Deathmatch among the faithful
As the tired—but not so tired that it stops being relevant—old saying goes, the more things change, the more they stay the same. Presidents come and go, but every administration assumes power by assembling a coalition, which then temporarily assumes direction of the one-party system we have always had (the one party being the permanent administration party), which temporarily mutates to accommodate the new factions that rise and fall within each governing coalition. In terms of the current dispensation, a major component of the ruling coalition is not a party, but a family: the First Family.
It is in these terms that much of the ongoing political buzz, both above and below the fold so to speak (that is, in what’s fit to print and in the rest that zips around social media and chat apps), can be best understood. If the President and his immediate family, by themselves, contain multitudes, then if the Marcoses by means of resources, ambition, and focus, and reach, are unto themselves a political party of their own, then within their family, each major member is a kind of faction. There is the President, as patriarch and heir; there is the First Lady, who should be the matriarch except there remains the better-known and much more experienced Matriarch-Mother, the former first lady; there are, too, what the French would have called the Princesses of the Blood, the President’s sisters, and the endless permutations of who, exactly, gets along with whom.
Knowing this, two separate topics of conversation can begin to be dissected.
There is the ongoing fight, being fought out in the opinion papers on both old and new media, concerning the Executive Secretary. This is a position that is filled on the basis of near-absolute trust on the part of any president, the only question being if there are others holding other, close positions who are also known, and thus are identified to enjoy, a similar, equal, or, rarest of all, a superior amount of presidential trust. That there has been a sustained, blunt, and daring campaign against the Executive Secretary points to very powerful forces, indeed, being able and willing, this early on, to point fingers at someone put there by the President himself.
And there is the saga of the latest movie version of the Marcos Story, “Maid in Malacañang.” Here, the curious content of the film (as one can glean it from the many amusing reviews that have popped up) can only feed the uncomfortable impression that the impresario behind the film—the President’s eldest sister—has left an indelible mark on the production. It’s a stamp that is not complimentary of the (current) President, her brother, much as it promotes a warm, loving, fond impression of the President (her father), and her opinion of what his opinion was, of his eldest daughter. The former first lady, for her part, might have found little surprising in the telling, though one has to wonder what the current First Lady thinks.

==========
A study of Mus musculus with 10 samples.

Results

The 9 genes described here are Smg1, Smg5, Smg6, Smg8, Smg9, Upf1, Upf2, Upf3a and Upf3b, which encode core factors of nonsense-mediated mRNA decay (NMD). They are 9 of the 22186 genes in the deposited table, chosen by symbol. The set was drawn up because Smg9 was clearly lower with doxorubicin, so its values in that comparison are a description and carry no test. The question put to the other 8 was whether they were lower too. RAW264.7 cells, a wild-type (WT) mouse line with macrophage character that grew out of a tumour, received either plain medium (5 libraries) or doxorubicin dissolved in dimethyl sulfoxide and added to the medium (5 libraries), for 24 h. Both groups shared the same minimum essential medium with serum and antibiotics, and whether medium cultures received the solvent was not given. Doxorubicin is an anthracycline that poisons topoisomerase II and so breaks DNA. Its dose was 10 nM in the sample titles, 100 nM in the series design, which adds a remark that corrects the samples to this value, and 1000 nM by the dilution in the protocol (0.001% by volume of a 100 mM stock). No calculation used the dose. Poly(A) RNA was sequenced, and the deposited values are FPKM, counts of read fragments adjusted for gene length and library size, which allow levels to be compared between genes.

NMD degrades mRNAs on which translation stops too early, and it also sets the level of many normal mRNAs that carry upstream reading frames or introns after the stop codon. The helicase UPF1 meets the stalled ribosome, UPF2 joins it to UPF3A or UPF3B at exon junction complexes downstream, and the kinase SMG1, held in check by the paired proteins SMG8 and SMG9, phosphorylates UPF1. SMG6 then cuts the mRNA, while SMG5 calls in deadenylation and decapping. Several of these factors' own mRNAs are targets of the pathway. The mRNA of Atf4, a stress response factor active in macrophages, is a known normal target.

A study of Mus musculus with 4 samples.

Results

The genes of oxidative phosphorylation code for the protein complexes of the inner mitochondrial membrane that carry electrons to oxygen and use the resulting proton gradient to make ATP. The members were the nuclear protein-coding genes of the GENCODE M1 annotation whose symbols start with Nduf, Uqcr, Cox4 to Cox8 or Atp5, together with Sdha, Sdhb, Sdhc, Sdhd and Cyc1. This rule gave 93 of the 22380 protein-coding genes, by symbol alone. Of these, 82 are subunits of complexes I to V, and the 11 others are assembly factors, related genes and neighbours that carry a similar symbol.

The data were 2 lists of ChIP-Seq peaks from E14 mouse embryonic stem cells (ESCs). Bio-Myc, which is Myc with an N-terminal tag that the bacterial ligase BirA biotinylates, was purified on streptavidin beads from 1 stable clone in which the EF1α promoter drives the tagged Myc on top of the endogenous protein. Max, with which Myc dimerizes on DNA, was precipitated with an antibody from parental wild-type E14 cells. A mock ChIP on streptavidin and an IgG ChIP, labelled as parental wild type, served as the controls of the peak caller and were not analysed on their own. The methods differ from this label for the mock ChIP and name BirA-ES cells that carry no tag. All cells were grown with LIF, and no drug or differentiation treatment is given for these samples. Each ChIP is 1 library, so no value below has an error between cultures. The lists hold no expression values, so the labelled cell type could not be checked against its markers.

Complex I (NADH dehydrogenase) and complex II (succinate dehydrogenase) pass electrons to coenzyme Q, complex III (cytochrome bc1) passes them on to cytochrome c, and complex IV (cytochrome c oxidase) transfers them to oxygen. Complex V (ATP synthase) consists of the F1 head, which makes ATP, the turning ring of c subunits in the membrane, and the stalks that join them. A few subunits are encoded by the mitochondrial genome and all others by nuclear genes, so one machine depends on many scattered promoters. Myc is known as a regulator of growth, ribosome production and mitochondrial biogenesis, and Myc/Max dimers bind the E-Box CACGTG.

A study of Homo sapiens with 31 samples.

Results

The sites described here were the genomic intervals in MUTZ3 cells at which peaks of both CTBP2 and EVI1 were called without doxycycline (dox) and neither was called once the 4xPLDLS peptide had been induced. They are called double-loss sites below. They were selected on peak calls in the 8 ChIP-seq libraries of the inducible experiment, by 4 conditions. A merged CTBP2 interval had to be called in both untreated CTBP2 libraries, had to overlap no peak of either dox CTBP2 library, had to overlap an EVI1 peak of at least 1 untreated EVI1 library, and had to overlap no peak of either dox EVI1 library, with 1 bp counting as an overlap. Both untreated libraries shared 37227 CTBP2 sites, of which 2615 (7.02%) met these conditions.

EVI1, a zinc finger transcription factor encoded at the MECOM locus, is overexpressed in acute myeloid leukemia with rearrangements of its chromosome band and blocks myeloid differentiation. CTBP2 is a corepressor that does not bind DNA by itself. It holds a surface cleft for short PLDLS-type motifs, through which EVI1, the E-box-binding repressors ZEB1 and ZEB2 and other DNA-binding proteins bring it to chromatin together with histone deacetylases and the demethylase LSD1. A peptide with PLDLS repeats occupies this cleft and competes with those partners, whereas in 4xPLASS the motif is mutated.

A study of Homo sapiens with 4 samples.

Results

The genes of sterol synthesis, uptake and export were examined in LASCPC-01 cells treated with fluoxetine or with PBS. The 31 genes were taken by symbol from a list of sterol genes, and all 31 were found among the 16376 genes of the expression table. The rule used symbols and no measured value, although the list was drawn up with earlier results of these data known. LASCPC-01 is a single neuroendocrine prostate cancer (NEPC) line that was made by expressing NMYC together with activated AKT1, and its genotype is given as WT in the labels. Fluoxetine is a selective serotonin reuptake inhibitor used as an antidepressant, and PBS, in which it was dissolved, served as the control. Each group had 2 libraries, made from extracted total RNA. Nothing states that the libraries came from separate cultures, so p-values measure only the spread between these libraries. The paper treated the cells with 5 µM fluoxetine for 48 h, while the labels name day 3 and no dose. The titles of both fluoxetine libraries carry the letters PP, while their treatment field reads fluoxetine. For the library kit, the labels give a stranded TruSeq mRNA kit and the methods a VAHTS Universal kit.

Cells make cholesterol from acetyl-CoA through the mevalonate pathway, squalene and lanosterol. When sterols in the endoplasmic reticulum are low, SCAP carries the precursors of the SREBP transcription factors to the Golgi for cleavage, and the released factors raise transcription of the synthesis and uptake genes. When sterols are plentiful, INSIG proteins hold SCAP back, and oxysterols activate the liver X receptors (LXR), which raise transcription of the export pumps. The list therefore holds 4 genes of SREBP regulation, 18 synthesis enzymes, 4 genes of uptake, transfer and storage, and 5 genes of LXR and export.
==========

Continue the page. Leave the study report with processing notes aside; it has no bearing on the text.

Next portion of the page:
The point is that family factionalism is on display even as coalition factionalism plays out, with appeals being made to communications, good governance, efficient administration, and similar “unself”-interested things, by people who would be the first to be indignant if their erstwhile affiliations—to, take your pick, former president Arroyo, the First Lady herself, the Iglesia ni Cristo, ad infinitum and ad nauseam—happen to be brought up. Having seen factionalism up close, let me be the first to insist that this is actually about the assertion of belonging—who, of the contending sides, is actually, truly, looking out for the President out of loyalty?—than it is about more mundane and disreputable things such as personal or factional gain.
In a lecture (“Considering the Slave Trade: History and Memory,” 1998), the American historian Bernard Bailyn wrote, “As historians we shrink from telescoping past and present, hoping to explain the things that happened for their own sakes and in their own terms. And we select from the documentation what seems to illuminate the outcomes, which we, as opposed to the people in the past, are privileged to know. But we do so critically, skeptically, because we know that we can never recapture any part of the past absolutely and completely. So we keep our distance from the past, from the stories we tell, knowing that facts may be uncovered that will change our stories.”
He went on to contrast this professional reticence with popular feelings concerning places identified with the past. “But memory,” he wrote, “is something different. Its relation to the past is an embrace. It is not a critical, skeptical reconstruction of what happened. It is the spontaneous, unquestioned experience of the past. It is absolute, not tentative or distant, and it is expressed in signs and signals, symbols, images, and mnemonic clues of all sorts. It shapes our awareness whether we know it or not, and it is ultimately emotional, not intellectual.”
To be sure, as it holds the reins of power, an administration is only in the process of making history; it is only in the midst of engaging in governance. But it is also, daily, engaged in the making of memories, of that frantic effort to make itself memorable when so little of what governments do can actually qualify for the distinction. This, I would argue, more than mere money-grubbing or political preening, is what is at stake, both within the family and the coalition arenas, not to mention the larger one of country and national memory.